Live at 6 | Screenagers

James Groh – Syracuse, N.Y. (CitrusTV) – In the 21st century, cell phone usage has grown considerably.

“I use my phone from the moment I wake up when I’m walking to class in class which I shouldn’t when I’m eating when I’m walking to class so basically every minute of the day,” said Syracuse student Alexis Ho.

Adolescent children use their phone almost five hours every day, according to a study by Common Sense Media, A non profit organization specializing in teaching families and their children appropriate uses of technology.

For some, like Syracuse senior Sudan Zhuang, it’s even more.

“I actually use my phone pretty frequently. After checking yesterday, I used my phone about 7 hours per day which is a lot,” she said.

She downloaded the app, Moment, that allows her to track her phone usage and what types of apps she uses the most. The app’s goal is to help users cut down on screen time. However, Zhuang said that it hasn’t changed her consumption habits at all.

It’s these kind of stories that are concerning parents.

It takes away from the human interaction and I think the family time and there is so much on this little piece I feel like we are losing our kids to information that is not all true,” said Payal Dalal, a mother of two young children.

That’s why she went to a screening of the documentary, Screenagers. It outlines the effects of excessive screen time on the neurological processes, cognitive development, and the social implications.

Parents piled into the auditorium where it was shown to learn how to reach their children and deal with the problem. Bahman Admani is studying to be a psychiatrist at SUNY Upstate Medical School, but also has two kids. He said that because he didn’t grow up with such pervasive and accessible technology, he isn’t sure how to approach the situation.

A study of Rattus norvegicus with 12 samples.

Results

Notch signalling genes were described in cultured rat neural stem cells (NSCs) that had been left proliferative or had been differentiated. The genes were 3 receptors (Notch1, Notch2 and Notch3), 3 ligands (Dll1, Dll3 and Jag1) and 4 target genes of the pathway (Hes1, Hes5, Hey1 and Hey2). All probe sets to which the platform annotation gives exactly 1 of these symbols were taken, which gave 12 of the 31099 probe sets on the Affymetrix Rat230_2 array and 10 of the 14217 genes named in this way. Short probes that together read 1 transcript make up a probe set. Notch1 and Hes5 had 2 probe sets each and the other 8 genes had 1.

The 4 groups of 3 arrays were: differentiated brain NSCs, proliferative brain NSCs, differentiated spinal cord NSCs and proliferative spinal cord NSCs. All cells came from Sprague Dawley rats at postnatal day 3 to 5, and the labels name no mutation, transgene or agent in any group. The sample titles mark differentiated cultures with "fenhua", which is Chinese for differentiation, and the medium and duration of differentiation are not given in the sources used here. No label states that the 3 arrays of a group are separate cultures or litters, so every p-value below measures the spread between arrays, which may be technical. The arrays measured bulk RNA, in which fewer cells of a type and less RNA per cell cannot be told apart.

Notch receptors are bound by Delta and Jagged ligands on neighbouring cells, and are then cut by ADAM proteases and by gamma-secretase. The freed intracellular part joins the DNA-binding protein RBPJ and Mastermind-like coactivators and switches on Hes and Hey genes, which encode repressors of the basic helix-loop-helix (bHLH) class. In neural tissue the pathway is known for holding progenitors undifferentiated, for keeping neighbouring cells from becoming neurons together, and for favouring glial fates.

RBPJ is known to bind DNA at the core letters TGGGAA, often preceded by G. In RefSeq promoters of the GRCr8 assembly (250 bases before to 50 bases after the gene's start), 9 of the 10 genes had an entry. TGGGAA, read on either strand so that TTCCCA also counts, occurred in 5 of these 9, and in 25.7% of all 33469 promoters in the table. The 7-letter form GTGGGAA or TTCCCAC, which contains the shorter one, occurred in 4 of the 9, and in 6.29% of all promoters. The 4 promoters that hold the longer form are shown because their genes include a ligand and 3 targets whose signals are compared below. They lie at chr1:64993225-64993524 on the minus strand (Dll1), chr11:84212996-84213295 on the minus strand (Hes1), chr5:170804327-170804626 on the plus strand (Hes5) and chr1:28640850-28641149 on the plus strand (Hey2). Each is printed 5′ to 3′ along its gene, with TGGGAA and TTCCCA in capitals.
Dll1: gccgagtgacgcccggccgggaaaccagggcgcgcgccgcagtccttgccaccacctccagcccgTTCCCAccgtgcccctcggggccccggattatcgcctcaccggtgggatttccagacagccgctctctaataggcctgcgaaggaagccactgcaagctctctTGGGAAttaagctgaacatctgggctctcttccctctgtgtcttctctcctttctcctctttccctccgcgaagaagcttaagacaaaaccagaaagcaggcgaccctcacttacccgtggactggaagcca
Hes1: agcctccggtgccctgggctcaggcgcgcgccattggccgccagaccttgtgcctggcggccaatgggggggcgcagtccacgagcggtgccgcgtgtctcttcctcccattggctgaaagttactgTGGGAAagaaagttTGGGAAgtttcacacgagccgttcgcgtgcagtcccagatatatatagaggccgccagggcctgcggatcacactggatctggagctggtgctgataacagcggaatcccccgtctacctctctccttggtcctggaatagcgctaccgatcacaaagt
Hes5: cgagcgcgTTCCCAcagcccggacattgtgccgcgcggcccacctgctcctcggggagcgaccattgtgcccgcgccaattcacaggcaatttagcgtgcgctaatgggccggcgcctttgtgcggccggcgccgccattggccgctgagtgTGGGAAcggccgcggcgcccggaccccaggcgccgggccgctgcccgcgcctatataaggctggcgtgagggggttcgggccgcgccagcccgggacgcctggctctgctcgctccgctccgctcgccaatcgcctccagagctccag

“This is something that none of us know what the right answer is because of our generation,” he said.

Even his wife, who is also an elementary school teacher, doesn’t know what to do. She imposes rules against phone usage.

“The second time they are suppose to write an essay and the third time is just getting a zero for one of their major exams,” she said.

But it is not always effective and she explained that she is constantly telling her students to put their phones away.

It’s why so many other Onondaga County parents joined her and her husband in effort to find a solution.

However, what the problem actually is and who or what is to blame, is difficult to pinpoint. Social media is obviously a concern, but the question is if  Facebook and Instagram to blame or the media companies that publish on those sites

Snapchat’s feed is a prime example of marketing towards the younger generation. The content includes lots of graphics, short articles, and catchy headlines. While a finger can be pointed at those publishing companies, Steve Sarconi says that it’s just the industry.

“I personally don’t have a problem with that…but it’s my job to make people watch our stuff,” he said.

After all business is business. Sarconi needs to get clicks. Apple needs people to buy its newest phone. Facebook needs people to scroll through its feed.

On the other hand, parents often use tablets, video games, and movies to distract their kids.

“What do I do? … put a movie on and put food in front of them and I went and got ready,” said Lily Amadi.

Maybe that means parents are enabling their kids, but PTA President of the Fayettville-Manlius School District and mother of two says that it’s tough to control as the kids get older.

We were very limiting for screen time but as they get older that’s very difficult to do,” said Alicia Burgun.

That doesn’t mean she isn’t trying. She says that she enrolls her kids in sports and musical activities to keep them off the numerous screen options.

Regardless of who is to blame, what the cause is, or what the effects are, the problem persists. It’s why Screenagers has been played at over 3,000 different schools in the past two years.

“We all know it’s a problem but how do we fix it. I don’t know,” said Burgun.